The Hyperloop is coming to California. The first five-mile long test track for the Hyperloop, which has for years been heralded as the transportation technology of the future, is under construction in the Golden State.
Tesla Motors founder and CEO Elon Musk was the first to propose the Hyperloop as a series of solar-powered tubes that use air pressure to shoot capsule-like pods at nearly 800 miles per hour. The capsules would accelerate and decelerate with air pressure and also contain a battery enabling them to maintain their speed. If all goes according to plan it will provide “ultra-clean, ultra safe, affordable, intra-urban travel at super-high speed,” Musk has said, and California commuters could travel from Los Angeles to San Francisco in 30 minutes.
Now Hyperloop Transportation Technologies (HTT), a company unaffiliated with Musk or Tesla, has broken ground on a five mile test track that aims to find out what would actually happen if you cram a bunch of people into a capsule and shoot them off at hundreds of miles per hour. The company raised an initial $100 million to fund the track's construction and operation, though a full track could cost as much as $1 billion more.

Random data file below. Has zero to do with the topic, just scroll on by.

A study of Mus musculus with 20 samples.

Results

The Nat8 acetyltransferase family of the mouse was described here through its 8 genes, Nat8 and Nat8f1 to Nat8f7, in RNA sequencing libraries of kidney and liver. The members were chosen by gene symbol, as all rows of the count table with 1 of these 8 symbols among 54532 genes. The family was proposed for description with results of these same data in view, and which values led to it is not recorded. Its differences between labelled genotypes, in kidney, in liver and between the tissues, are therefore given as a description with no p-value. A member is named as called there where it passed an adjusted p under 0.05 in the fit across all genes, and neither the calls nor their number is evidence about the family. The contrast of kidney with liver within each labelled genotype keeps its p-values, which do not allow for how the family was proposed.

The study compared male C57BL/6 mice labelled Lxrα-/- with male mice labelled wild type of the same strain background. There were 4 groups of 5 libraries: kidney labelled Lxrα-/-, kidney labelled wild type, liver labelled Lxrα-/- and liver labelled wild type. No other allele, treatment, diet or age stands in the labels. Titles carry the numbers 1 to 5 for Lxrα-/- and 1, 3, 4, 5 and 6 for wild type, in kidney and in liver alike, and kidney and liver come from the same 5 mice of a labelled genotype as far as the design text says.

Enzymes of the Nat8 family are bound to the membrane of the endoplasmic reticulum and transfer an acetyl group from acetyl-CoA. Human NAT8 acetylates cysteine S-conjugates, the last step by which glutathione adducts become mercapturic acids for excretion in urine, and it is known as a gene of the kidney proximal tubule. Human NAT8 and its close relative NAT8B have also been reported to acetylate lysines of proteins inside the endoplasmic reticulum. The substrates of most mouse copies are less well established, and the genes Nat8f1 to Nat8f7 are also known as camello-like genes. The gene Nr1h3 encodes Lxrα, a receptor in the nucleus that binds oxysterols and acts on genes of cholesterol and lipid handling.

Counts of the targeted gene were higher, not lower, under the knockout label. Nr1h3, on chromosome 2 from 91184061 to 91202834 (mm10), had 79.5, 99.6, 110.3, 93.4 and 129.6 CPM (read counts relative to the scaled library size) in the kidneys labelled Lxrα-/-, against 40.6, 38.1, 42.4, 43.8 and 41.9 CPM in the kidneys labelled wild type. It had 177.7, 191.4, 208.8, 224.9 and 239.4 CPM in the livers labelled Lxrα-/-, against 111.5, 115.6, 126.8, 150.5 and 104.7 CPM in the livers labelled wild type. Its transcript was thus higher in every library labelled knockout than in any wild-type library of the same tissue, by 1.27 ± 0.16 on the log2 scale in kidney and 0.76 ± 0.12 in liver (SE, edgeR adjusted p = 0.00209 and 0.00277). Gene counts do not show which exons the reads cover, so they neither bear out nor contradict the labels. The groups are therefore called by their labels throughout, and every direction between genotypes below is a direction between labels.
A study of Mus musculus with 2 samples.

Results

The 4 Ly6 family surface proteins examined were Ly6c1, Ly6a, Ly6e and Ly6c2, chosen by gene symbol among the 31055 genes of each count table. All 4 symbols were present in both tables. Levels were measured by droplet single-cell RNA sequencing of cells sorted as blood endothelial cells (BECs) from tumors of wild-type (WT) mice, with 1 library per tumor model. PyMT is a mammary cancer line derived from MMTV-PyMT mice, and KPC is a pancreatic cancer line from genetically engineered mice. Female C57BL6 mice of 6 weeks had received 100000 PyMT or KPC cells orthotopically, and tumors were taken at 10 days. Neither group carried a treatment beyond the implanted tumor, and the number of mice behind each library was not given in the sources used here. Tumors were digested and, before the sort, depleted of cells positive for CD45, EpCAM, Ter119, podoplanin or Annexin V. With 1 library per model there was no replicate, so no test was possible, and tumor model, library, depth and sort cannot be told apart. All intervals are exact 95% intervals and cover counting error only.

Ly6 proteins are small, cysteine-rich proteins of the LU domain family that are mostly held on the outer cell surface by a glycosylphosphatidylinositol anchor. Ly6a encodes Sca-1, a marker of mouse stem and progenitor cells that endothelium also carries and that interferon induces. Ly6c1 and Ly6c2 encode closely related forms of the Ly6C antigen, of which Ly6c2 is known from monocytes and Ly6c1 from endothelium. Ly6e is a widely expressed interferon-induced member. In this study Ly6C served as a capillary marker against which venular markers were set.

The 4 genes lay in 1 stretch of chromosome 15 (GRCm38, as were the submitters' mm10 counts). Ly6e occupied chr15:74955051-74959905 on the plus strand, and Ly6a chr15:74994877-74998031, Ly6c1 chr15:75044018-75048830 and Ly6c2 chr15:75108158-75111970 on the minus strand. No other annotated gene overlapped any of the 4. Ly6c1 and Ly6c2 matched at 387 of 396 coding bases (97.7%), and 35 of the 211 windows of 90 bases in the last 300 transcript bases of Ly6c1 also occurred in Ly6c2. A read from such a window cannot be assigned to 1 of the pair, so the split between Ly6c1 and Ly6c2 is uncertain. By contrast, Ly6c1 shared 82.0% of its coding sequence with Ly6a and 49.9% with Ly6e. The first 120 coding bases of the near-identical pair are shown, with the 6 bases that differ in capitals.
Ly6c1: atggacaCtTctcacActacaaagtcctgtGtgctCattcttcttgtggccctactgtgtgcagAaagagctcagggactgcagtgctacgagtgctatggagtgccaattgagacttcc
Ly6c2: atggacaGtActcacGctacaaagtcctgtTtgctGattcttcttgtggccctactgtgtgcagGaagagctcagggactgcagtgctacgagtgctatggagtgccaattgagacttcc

“We look at it as a metro system,” Dick Ahlborn, head of HTT, told National Geographic earlier this month. He said the company “envisions a network” that will replace the “dinosaur industry” of train transportation in the U.S.
Construction is scheduled to begin in 2016 and finish in 2017, Ars Technica reported Thursday, with test capsules traveling at a range of speeds, between 200 and 300 mph. That's much slower than the 760 mph Musk first suggested, but if HTT passes the necessary safety test people could be taking rides on the test track by 2018.